Blessed are the poor in spirit, for the kingdom of heaven is theirs. (CSB)
Blessed are the poor in spirit, for theirs is the kingdom of heaven. (ESV)
God blesses those who are poor and realize their need for him, for the Kingdom of Heaven is theirs. (NLT)
Blessed [spiritually prosperous, happy, to be admired] are the poor in spirit [those devoid of spiritual arrogance, those who regard themselves as insignificant], for theirs is the kingdom of heaven [both now and forever]. (Amplified Bible)
You’re blessed when you’re at the end of your rope. With less of you there is more of God and his rule. (The Message)
I didn’t include the NIV, NASB, or KJV because they read like the ESV almost word for word. I did include the NLT because it almost always tries to explain the meaning instead of simply translating. I admit, that is not always good but it does give a slightly different take. The Amplified Bible, which I’ve never really used, attempts to put all possible meanings in the text. I like the idea behind that but it makes for difficult reading at times. Eugene Peterson’s The Message is ALWAYS off kilter (for better or worse) but it’s a paraphrase and I don’t expect it to be as literal.
In my post yesterday I mentioned the progression that many people see here in The Beatitudes. I also stated that I tend to agree with that assessment. I want to briefly list the different “stages” of this progression before discussing the first one. For lack of a better phrase I’m calling this The Kingdom Path. I may or may not have read that somewhere else but I don’t recall at the moment.
Verse 3 – The Poor in Spirit
Verse 4 – Those Who Mourn
Verse 5 – The Humble
Verse 6 – Those Who Hunger and Thirst for Righteousness
Verse 7 – The Merciful
Verse 8 – The Pure in Heart
Verse 9 – The Peacemakers
Verse 10 – Those Persecuted for Righteousness’ Sake
The starting point is recognizing your position before a holy God. Isaiah’s encounter in the throne room (Isaiah 6) comes to mind. After a confrontation with angelic beings Isaiah is absolutely shaken. He recognizes his sinfulness and declares that he is “ruined” because of it. One of the seraphim touches his lips with a hot coal and pronounces him forgiven. He is then given his charge to go and proclaim the word of God. After finding himself before God Almighty, Isaiah is about as poor in spirit as one can be.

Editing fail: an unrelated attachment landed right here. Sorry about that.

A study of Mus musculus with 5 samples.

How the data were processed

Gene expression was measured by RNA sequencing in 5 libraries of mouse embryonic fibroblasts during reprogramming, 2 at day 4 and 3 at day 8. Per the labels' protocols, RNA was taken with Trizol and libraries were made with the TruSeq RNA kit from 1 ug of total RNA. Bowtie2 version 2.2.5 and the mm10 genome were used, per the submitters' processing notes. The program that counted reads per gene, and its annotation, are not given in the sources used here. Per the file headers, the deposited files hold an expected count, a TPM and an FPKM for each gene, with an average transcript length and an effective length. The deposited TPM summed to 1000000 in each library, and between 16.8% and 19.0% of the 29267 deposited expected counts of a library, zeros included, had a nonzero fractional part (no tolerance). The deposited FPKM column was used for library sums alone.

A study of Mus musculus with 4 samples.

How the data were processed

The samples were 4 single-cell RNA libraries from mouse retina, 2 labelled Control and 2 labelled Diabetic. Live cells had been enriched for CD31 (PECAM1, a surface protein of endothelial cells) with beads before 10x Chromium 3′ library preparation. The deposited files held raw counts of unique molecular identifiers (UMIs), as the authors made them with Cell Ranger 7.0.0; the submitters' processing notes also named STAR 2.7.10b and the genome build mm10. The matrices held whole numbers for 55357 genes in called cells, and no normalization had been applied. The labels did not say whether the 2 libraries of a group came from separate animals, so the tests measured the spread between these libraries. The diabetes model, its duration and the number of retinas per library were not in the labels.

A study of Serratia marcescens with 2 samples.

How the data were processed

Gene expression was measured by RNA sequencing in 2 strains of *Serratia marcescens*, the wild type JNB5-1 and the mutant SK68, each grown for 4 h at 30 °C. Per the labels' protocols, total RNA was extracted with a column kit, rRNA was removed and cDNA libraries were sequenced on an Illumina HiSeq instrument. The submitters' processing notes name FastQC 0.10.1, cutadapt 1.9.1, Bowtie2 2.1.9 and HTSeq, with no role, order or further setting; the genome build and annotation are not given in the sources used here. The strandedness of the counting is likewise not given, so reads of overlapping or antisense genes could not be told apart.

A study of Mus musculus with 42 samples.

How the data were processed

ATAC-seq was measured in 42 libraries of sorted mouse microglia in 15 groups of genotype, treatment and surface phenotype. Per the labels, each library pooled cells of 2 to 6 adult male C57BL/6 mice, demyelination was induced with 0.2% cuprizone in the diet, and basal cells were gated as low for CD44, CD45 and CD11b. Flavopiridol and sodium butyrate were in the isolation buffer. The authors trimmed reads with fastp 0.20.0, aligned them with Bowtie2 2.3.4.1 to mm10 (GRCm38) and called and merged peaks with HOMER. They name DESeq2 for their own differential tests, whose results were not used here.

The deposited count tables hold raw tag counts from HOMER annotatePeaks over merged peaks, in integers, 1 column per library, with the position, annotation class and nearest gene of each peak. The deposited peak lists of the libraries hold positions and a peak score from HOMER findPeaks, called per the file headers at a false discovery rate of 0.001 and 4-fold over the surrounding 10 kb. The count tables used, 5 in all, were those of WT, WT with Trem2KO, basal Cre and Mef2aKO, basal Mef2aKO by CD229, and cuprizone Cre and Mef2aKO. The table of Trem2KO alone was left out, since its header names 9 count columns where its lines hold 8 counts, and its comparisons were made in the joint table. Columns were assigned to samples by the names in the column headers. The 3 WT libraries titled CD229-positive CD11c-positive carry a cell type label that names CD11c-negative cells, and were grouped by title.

Another passage that comes to mind is the parable of the Pharisee and the Tax Collector found in Luke 18:9-14. In this particular story Jesus describes the difference between the attitudes and prayers of the two men. The Pharisee is devoted to observing every aspect of the Law and even though he isn’t capable of doing so (no one is), he considers himself righteous and better off than others. When standing to pray to God he only boasts about himself. The tax collector, on the other hand, doesn’t even dare enter the temple completely. He stands off in the shadows beating his chest in anguish and begging for mercy. Jesus says that he (the tax collector) is the one who leaves the temple justified.
It’s about attitude. It’s about recognizing that without Christ we are sinners, lost and alone with no hope. The great thing is that Jesus loves us even when we are in that state. Romans 5:8 tells us that while we were still sinners. Christ died for us. All we have to do is recognize that one simple fact. We have to understand that there is nothing we can do to save ourselves. It doesn’t matter how many righteous deeds we do. Until we admit that we are nothing without Christ, he cannot change our hearts and minds.
The good news (Gospel) is that he is faithful even when we aren’t. When we take this first step we begin the path that leads to eternal life in the very presence of God Almighty. The “kingdom” Jesus is talking about isn’t an earthly one although we can become a part of it and benefit from it while we are still here. It is ultimately fulfilled when Christ returns but those of us who are part of the Church live the kingdom life every single day. It’s what we were created to do.
Where are you this morning? Have you recognized the truth that you are spiritually bankrupt before God? Do you believe that He will fix that and give you riches unimaginable? Perhaps you have known this for a long time but have gotten off track. You’ve taken your eyes of Christ and that old way of thinking is sneaking back up on. I know I’ve been in both places. One of the reasons I decided to do this study is to give myself a spiritual audit. I need to open up the ledger books and see if I’ve fallen back into that prideful, selfish mindset. I pray that you do as well.
May God our Father give you grace and peace.